Otto Begus, Morgan University faculty member, dies

Otto Begus, a retired professor and former philosophy and religious studies chair at Morgan State University who was a strong advocate for liberal arts education, died of complications of dementia and heart failure Feb. 10 at his Tuscany-Canterbury home. The former Waverly resident was 85.

Born in Steyr, Austria, he was the son of Anni Wolf Begus, a school teacher, and Otto Begus Sr., an attorney.


He was a 1950 graduate of the Real Gymnasium in Landeck in the Tirol district. He then traveled to Buenos Aires and worked and studied in Argentina and later in Chile. While on the staff of the University of Santiago’s library, he decided to join the Society of Jesus, the Jesuit order.

According to a biography supplied by his wife, Dr. Begus, as a Jesuit seminarian, taught young people in the poor sections of Puerto Montt, Chile. He founded a Boy Scout troop and went on to be a district Scout leader. On a scouting trip to southern Chile, he met the poet Pablo Neruda, a Nobel laureate. On another occasion in Latin America, he met the Marxist revolutionary Che Guevara.


In 1960, Dr. Begus began studies at the former Jesuit Seminary in Woodstock in Baltimore County. He completed his theological training and study and was ordained a Roman Catholic priest. He taught at Georgetown University and met his future wife, Sarah Woolley, at a dinner party of international students. They married in 1966.

He explained to his Jesuit superiors his decision to leave the priesthood. He moved to Germany, where he obtained a doctorate in philosophy at Frankfurt University in 1969.

By then he had two young children and returned to Maryland. He and his wife found an old frame house on Homestead Street in Waverly that was convenient to Morgan State, and he joined the faculty in 1969.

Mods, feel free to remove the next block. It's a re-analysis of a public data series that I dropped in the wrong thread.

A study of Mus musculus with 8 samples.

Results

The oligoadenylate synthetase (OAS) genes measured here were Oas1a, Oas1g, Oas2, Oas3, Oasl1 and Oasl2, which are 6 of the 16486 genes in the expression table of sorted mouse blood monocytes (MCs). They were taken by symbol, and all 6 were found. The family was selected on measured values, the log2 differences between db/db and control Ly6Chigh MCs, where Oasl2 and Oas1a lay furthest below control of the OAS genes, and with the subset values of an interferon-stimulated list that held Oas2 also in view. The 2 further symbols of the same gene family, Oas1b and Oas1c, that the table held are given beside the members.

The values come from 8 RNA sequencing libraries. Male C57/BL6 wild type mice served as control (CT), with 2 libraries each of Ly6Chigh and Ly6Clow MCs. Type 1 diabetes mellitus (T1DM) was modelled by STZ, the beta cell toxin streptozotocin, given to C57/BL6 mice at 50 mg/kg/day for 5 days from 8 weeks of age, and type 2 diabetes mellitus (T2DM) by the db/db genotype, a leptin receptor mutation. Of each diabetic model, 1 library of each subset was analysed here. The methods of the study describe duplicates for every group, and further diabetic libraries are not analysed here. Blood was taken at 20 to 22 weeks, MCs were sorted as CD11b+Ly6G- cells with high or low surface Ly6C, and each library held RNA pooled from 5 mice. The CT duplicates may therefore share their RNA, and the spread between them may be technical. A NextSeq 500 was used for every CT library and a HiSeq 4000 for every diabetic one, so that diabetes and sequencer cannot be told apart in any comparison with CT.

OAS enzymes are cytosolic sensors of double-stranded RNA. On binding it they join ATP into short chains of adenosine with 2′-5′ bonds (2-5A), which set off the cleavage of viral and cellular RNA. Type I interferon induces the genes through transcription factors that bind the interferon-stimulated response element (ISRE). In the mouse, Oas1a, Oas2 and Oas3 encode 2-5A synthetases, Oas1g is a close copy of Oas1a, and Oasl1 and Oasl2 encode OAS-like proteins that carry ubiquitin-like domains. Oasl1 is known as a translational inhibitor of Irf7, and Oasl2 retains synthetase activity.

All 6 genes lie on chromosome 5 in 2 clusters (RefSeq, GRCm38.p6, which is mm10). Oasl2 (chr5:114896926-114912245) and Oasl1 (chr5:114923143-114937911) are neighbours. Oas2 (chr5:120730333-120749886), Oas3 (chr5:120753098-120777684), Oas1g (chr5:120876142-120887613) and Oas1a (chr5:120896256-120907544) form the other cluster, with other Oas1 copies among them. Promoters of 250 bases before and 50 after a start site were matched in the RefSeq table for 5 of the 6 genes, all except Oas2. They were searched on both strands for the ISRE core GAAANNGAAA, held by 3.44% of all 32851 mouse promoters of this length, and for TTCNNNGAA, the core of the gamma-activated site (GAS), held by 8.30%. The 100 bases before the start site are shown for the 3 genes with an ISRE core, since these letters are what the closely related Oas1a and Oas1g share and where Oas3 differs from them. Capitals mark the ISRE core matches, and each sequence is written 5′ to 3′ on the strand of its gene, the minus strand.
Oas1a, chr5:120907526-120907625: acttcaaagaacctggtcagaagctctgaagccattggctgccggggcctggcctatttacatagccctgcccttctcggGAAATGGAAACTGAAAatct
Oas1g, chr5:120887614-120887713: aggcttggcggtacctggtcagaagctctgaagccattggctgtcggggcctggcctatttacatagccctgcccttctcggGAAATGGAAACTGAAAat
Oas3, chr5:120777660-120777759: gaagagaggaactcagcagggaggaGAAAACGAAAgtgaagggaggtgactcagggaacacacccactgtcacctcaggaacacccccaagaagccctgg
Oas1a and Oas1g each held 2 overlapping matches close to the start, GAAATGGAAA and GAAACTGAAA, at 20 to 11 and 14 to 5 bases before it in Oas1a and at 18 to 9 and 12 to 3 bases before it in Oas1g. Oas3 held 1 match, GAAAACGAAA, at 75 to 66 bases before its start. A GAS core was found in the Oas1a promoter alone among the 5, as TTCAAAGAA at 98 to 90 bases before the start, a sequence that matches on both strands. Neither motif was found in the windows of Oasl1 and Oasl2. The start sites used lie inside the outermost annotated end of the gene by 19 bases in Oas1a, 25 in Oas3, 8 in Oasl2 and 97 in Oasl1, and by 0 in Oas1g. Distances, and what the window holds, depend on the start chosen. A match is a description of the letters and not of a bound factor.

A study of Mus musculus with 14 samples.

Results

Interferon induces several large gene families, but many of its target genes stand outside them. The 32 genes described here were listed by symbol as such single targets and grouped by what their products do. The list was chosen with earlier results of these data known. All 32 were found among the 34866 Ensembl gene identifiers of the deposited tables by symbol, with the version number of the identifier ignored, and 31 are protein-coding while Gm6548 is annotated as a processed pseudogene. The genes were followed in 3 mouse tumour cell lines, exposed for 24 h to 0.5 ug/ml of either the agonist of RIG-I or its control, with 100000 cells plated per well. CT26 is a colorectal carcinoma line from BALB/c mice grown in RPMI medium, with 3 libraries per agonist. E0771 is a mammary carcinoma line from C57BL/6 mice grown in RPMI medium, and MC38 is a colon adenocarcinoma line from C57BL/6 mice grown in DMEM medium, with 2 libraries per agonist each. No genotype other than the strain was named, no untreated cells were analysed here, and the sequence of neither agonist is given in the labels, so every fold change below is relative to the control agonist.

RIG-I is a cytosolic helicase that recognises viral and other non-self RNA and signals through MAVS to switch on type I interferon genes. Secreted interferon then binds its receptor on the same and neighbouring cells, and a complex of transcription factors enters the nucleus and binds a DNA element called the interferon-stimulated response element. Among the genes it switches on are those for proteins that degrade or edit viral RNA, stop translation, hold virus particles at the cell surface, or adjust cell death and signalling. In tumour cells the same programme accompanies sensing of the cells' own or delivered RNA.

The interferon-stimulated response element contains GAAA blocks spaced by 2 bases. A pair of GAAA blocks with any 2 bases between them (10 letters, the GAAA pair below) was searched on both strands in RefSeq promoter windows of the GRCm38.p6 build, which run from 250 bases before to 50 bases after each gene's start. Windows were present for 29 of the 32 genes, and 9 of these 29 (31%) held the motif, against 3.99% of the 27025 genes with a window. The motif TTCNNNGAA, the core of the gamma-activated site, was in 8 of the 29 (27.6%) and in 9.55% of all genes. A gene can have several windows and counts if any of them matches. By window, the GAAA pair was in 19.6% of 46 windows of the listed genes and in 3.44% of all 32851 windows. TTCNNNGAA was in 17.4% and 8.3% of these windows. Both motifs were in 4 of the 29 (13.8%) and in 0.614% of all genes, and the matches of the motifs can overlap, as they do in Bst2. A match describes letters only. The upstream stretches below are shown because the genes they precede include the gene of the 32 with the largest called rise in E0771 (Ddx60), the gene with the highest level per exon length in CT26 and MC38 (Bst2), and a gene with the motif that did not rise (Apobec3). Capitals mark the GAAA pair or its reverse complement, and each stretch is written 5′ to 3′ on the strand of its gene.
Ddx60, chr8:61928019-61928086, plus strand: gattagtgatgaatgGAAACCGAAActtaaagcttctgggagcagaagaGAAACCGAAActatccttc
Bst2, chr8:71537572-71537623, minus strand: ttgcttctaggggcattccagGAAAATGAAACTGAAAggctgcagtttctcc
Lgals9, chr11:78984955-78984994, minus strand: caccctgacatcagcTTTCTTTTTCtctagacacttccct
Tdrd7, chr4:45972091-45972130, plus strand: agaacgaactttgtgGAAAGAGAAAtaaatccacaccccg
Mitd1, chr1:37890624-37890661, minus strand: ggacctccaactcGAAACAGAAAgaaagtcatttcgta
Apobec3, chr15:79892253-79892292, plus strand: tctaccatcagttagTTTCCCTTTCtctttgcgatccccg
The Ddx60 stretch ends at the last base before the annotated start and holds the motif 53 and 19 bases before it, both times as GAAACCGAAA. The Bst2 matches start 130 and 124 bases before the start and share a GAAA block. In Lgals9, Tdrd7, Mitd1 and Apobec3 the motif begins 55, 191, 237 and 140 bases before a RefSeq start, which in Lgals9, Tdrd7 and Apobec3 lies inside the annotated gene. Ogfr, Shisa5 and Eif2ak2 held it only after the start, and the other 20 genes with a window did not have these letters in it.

He became a professor and taught in the philosophy and religious studies department until 2009, when he retired.

“My husband served as chair of the department for 25 years and left a legacy of curriculum development and departmental collegiality,” said his wife. “He developed the foundational logic course required of all Morgan undergraduates.”

She said her husband created a pre-law concentration in the philosophy department and taught courses in Latin to prepare the pre-law students in the language of law. He wrote a textbook and donated the proceeds from their sale to his school.

A 1995 article in The Baltimore Sun said that Dr. Begus volunteered to teach a Latin course when the previous teacher retired. He emphasized the writings of the Roman orator and lawyer Cicero. The course attracted 23 students.


"I thought it was worth continuing the course so I offered it as a gift to the university,” he said in the 1995 Sun article. “Latin opens the students' minds. It gives them a sense of history. And lots of stuff is incredibly modern, incredibly contemporary, also quite funny. Latin also helps students learn about the structure of language, especially the English language."

Dr. Burney Hollis, professor of English and dean emeritus of Morgan’s College of Liberal Arts, said, “I’d walk by his classroom and it seemed like he was preaching, really. He was exciting, dramatic and forceful in his thinking and teaching. He was a staunch defender of the liberal arts and he was my best ally.”

Dr. Hollis recalled his colleague’s mastery of languages. “Except for Morgan’s foreign language faculty, I don’t think anyone on the campus had his skills. … He was quite the Renaissance man.”

His wife said that throughout his career at Morgan, Dr. Begus came into contact with thousands of Morgan students. “He recruited and mentored many faculty members and he counseled students,” she said. “He was a beloved and popular professor and received awards from students and the administration.”


Dr. Begus also lectured at the correctional facility in Jessup. He published articles and spoke at academic conferences. His philosophical interests were wide-ranging, but he was most interested in the “Frankfurt School” theory, which combines European philosophy and social theory.


His wife said he was committed to social justice; while a seminarian at Woodstock, he volunteered with migrant farm workers in southern Pennsylvania. He helped them with legal issues. He also took on housing discrimination issues while a Baltimore Neighborhoods volunteer.

He read and wrote poetry. He followed world soccer and coached a youth team, the Mount Washington Bombers.

He lived in Waverly until moving to the Highfield House several years ago.

A memorial service will be held at 1 p.m. April 14 at the Morgan University Chapel.

Dr. Begus is survived by his wife of 52 years; a son, Justin Begus of Seattle, Wash.; a sister, Jutta Prager of Zurich, Switzerland; and two grandchildren. A daughter, Diana “Didi” Begus, died in 2001.